It is no different to the idea that a doctor needs to see his patient, but may find looking at a chart of food-intake or white-blood-cell counts or whatever informative.
So any "dilemma" between Virtual Energy Surveys and "Boots on the ground" surveys is a false dilemma. Both have value, both have shortfalls, and in fact they complement one another very well.
So where does this leave the FM?
Very often facility managers provide an on-site presence (sometimes many staff with varying skills and levels of specialisation). They also very often have "central" reporting and contract support functions. This infrastructure implies that their business models are ideally suited to the coming wave of "Virtual Energy Services".
I'll turn back to that thought in a minute but first let's ask what is "virtual" about a "virtual energy service"? - after a few seconds thought it becomes apparent that it is a silly misnomer. The doctor reading a chart is not "virtually" considering your high temperature, he or she is merely considering the data in a format of a chart, rather than looking directly at a thermometer. The "virtual" advantage is that the data represents a history, rather than an instantaneous glimpse.
So a "virtual energy survey" can be conducted anywhere. If being remote from the source of data is advantageous for a particular business model then great - or if the expertise is on-site - better yet!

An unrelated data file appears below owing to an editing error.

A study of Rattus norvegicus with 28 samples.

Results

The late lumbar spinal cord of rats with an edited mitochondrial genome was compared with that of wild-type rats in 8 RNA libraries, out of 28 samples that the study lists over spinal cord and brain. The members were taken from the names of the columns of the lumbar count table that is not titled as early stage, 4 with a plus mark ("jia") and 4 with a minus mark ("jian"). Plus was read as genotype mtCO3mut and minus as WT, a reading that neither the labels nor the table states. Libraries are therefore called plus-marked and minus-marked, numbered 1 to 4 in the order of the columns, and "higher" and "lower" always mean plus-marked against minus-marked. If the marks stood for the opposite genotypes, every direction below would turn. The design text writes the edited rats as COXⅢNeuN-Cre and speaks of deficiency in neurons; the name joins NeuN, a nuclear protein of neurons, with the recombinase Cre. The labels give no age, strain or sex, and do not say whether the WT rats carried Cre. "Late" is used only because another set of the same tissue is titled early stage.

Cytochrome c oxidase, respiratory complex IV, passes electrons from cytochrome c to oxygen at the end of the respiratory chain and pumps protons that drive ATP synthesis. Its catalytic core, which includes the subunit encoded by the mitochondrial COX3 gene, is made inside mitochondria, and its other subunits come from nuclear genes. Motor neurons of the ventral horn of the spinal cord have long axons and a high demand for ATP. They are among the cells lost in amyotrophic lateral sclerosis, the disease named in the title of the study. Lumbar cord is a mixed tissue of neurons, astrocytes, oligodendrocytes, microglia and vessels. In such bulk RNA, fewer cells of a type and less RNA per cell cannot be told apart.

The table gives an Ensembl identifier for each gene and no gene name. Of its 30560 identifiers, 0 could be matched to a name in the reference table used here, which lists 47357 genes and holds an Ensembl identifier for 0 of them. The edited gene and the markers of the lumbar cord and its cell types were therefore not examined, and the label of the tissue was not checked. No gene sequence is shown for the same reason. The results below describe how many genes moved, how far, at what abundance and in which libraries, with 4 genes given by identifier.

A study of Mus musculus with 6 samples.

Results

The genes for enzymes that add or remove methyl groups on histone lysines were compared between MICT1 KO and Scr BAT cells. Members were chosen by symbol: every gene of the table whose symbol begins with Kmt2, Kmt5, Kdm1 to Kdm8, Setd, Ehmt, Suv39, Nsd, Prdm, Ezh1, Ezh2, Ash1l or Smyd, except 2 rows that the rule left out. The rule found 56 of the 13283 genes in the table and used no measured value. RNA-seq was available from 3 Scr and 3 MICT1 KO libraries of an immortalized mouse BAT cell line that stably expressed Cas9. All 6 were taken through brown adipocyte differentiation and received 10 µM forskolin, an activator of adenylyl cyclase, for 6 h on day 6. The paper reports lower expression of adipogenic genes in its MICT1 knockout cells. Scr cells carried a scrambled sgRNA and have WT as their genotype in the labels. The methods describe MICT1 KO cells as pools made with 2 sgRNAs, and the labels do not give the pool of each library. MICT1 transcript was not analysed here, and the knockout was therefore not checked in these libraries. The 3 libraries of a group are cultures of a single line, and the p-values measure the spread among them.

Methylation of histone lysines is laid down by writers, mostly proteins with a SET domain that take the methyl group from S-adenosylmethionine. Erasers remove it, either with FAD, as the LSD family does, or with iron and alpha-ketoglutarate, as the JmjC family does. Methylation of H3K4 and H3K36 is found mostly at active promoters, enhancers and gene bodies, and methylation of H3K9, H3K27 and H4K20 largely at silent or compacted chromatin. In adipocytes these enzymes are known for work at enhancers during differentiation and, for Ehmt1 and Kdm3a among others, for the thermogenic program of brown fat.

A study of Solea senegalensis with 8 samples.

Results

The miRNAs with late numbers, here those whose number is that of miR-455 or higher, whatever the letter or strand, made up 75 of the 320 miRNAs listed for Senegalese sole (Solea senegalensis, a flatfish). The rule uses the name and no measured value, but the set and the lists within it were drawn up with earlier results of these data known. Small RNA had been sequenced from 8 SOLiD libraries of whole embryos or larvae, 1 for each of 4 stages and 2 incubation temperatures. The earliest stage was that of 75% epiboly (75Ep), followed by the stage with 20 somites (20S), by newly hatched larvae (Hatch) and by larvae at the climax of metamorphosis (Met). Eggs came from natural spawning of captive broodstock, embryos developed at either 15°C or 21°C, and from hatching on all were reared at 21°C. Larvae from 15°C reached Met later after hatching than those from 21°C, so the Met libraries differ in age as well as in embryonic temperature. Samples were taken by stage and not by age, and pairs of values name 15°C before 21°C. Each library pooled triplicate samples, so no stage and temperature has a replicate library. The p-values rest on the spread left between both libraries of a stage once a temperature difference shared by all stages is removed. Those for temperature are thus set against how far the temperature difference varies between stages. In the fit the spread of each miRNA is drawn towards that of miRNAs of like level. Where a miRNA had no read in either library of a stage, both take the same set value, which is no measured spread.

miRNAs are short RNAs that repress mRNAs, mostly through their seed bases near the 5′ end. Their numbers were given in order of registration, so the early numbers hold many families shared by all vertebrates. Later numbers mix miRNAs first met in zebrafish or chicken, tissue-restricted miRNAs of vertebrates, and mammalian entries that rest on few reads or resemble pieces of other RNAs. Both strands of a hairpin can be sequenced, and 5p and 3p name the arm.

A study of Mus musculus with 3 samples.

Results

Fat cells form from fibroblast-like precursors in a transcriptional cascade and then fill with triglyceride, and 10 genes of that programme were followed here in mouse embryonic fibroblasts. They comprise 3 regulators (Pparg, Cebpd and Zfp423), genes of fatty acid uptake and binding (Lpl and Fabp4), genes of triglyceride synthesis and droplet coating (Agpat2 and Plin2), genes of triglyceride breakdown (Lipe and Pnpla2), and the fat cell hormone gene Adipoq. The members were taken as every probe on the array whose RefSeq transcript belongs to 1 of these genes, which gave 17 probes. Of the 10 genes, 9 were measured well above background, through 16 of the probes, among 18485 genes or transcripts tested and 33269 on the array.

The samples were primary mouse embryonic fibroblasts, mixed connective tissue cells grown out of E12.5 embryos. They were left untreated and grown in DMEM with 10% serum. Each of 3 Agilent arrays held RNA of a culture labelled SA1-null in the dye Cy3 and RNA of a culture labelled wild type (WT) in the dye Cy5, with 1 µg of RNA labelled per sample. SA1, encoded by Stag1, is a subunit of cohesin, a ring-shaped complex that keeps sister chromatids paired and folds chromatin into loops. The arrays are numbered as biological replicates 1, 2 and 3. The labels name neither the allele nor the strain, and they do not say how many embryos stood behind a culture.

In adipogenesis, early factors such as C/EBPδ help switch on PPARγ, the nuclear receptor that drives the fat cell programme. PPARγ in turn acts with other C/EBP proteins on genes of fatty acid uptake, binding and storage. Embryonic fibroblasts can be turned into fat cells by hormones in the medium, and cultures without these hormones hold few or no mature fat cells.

By contrast inspection generally needs to be conducted in-situ - yes cameras and so on can be an expensive second best (but if you are surveying in a harsh environment may be a necessity).
So, turning back to the FM if we assume, localised staffing for some routine functions, and analytic support from the centre for diagnosis and interpretation is a general model, we find it matches exactly to the ideal business model for Energy Performance Contracting (EPC) and Energy Services (or Savings) Companies (ESCO's).
There is however something more interesting. Many very large FM have own in-house IT departments, (who are more than capable of putting some data into a chart). However, very few have the domain specific capabilities of pattern-recognition and diagnosis of for example HVAC plant activity.
A - Optimum Start Failure
B - Excessive Boiler Boost
C - Low Load dry-cycling
D - No Optimum Off
The mid-size FM Advantage
This leads to a natural marketplace for the medium and smaller specialist FM. The ones that "get" energy savings. If a product were available that surpassed the capabilities of the big FM solution, but required more "added-value" in the implementation of improvements, there would be the opening of a new and "disruptive" business model.
We are seeing some signs of this. Our natural fit with EPC's and ESCO's continues, but often there is a need to co-ordinate remote diagnosis with "boot on the ground" implementation teams. The more enlightened and agile FM companies (that typically do not have in-house diagnostic capabilities) are seeing the scope for natural partnerships.
Market changes in Facility Management
So where two decades ago we saw consolidation of big FM cleaning and security services within international partnerships to support multi-nationals, now we are seeing interest from more specialised controls, and plant maintenance services in forming alliances with FM diagnostic support functions.
It will be interesting to see if the marketplace sees a flurry of acquisitions, or whether more informal complementary partnerships will emerge - one often leads to another!
For our part, in so far as kWIQly capabilities enable these broader, competitive business models, we are delighted to play our part.